Pavement Design Questions and Answers – Soil-Lime Stabilization – 1


1. The strength of soil-lime stabilization depends on ______ content of the soil type.
a) Water
b) Pozzolana
c) Clay
d) Organic
View Answer

Answer: b
Explanation: The type of soil is an important parameter influencing lime stabilization. The pozzolanic action of lime and soil helps in bringing about the stabilization. Therefore, the pozzolana content of soil gives a measure of the strength of the lime stabilized soil.
a) Quick lime
b) Slaked lime
c) Fat lime
d) Hydraulic lime
View Answer

Answer: a
Explanation: Quick lime is effective because it gives good results in a short period of time, but it is not used because of its corrosive nature. Slaked lime is hydrated lime. Fat lime is rich in calcium content and hydraulic lime contains clay.

3. What is the name of the point when the plastic limit starts decreasing on increasing lime content?
a) Plastic lime point
b) Lime stabilized point
c) Plastic reduction point
d) Lime fixation point
View Answer

Answer: d
Explanation: Lime is added to the soil in the presence of water and it increases the plastic limit of the soil and decreases the plasticity index of the soil. If further lime is added, then after a certain point the plastic limit starts decreasing. This point is termed as the lime fixation point.

4. When clayey soil is treated with lime ______ takes place.
a) Anionic exchange
b) Cationic exchange
c) Pozzolanic reaction
d) Thermal reaction
View Answer

Answer: b
Explanation: Ion exchange is the main principle involved in the soil-lime stabilization process. A cationic exchange takes place between clayey soil and lime. It increases its stability after reducing the plasticity index.

5. The strength gain of lime-soil stabilized soil is dependent on which of the below factors?
a) Temperature
b) Humidity
c) Minerals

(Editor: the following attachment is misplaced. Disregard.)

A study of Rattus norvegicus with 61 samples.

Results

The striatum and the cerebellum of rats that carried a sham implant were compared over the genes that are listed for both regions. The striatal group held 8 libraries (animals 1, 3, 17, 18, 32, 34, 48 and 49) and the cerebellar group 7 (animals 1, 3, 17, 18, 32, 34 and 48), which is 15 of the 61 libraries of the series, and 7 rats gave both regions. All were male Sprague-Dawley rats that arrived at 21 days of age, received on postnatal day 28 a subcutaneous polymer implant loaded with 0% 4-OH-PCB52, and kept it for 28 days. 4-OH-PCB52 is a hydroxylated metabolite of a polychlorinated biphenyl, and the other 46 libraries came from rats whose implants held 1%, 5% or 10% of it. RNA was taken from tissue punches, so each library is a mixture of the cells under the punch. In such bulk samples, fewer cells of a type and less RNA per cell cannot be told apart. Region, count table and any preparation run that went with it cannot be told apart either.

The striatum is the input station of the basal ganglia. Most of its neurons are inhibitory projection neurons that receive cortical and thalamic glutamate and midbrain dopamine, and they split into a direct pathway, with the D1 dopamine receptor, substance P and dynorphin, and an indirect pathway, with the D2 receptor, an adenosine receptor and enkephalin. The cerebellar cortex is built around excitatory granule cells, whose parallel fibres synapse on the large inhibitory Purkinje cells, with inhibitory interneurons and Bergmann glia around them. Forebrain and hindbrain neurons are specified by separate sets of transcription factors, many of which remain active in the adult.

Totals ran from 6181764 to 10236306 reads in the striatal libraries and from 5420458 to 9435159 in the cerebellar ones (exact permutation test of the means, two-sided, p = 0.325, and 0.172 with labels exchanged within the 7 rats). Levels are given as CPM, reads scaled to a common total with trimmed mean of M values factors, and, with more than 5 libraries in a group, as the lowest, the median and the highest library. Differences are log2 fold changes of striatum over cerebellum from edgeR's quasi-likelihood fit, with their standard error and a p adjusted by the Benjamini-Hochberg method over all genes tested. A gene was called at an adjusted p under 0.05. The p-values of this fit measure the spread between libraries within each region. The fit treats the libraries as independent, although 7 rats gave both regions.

d) pH
View Answer

Answer: a
Explanation: The strength gain of lime-soil stabilized soil is dependent on temperature. the rate of strength gain is higher at higher temperatures. It is considered to be almost zero in freezing conditions.
a) Calcium and sulphate
b) Sulphate and water
c) Calcium and water
d) Calcium and silicate
View Answer

Answer: c
Explanation: Cationic exchange takes place when hydrated lime reacts with clay particles. The calcium ions from hydrated lime replace the water ions. As a result, the soil becomes friable and granular enabling better compaction and mixing.

7. Lime stabilization can easily be applied to alluvial silts.
a) True
b) False
View Answer

Answer: a
Explanation: Lime stabilization is suitable for soils like clay, silty clay and clayey gravel. It is generally not used for sandy and granular soils. So, the lime stabilization method can be used for alluvial silts.

8. Which of the below is responsible for the strength gain of lime stabilized soil over time?
a) CSH
b) CSH and CAH
c) CAH
d) C3S and CSH
View Answer

Answer: b
Explanation: CSH stands for calcium silicate hydrate and CAH stands for calcium aluminate hydrate. These compounds are formed by the reaction of calcium with silicates and aluminium. CSH and CAH are both responsible for the strength gain over time. C3S is tricalcium silicate, which gives cement its early day strength.

9. Which of the below is not an additive used for the lime stabilization of soil?
a) Sodium metasilicate
b) Sodium carbonate
c) Sodium hydroxide
d) Sodium sulphate
View Answer

Answer: b
Explanation: Sodium carbonate is an additive that is used in the soil-cement stabilization. Sodium metasilicate, sodium hydroxide and sodium sulphate are the additives that are used in the lime stabilization of soil.
a) True
b) False
View Answer

Answer: a
Explanation: Lime column is a special technique that is used to stabilize the soil. This technique uses an auger to form bores in which lime is mixed with the in-situ soil. This is used for strengthening the weaker foundation for buildings.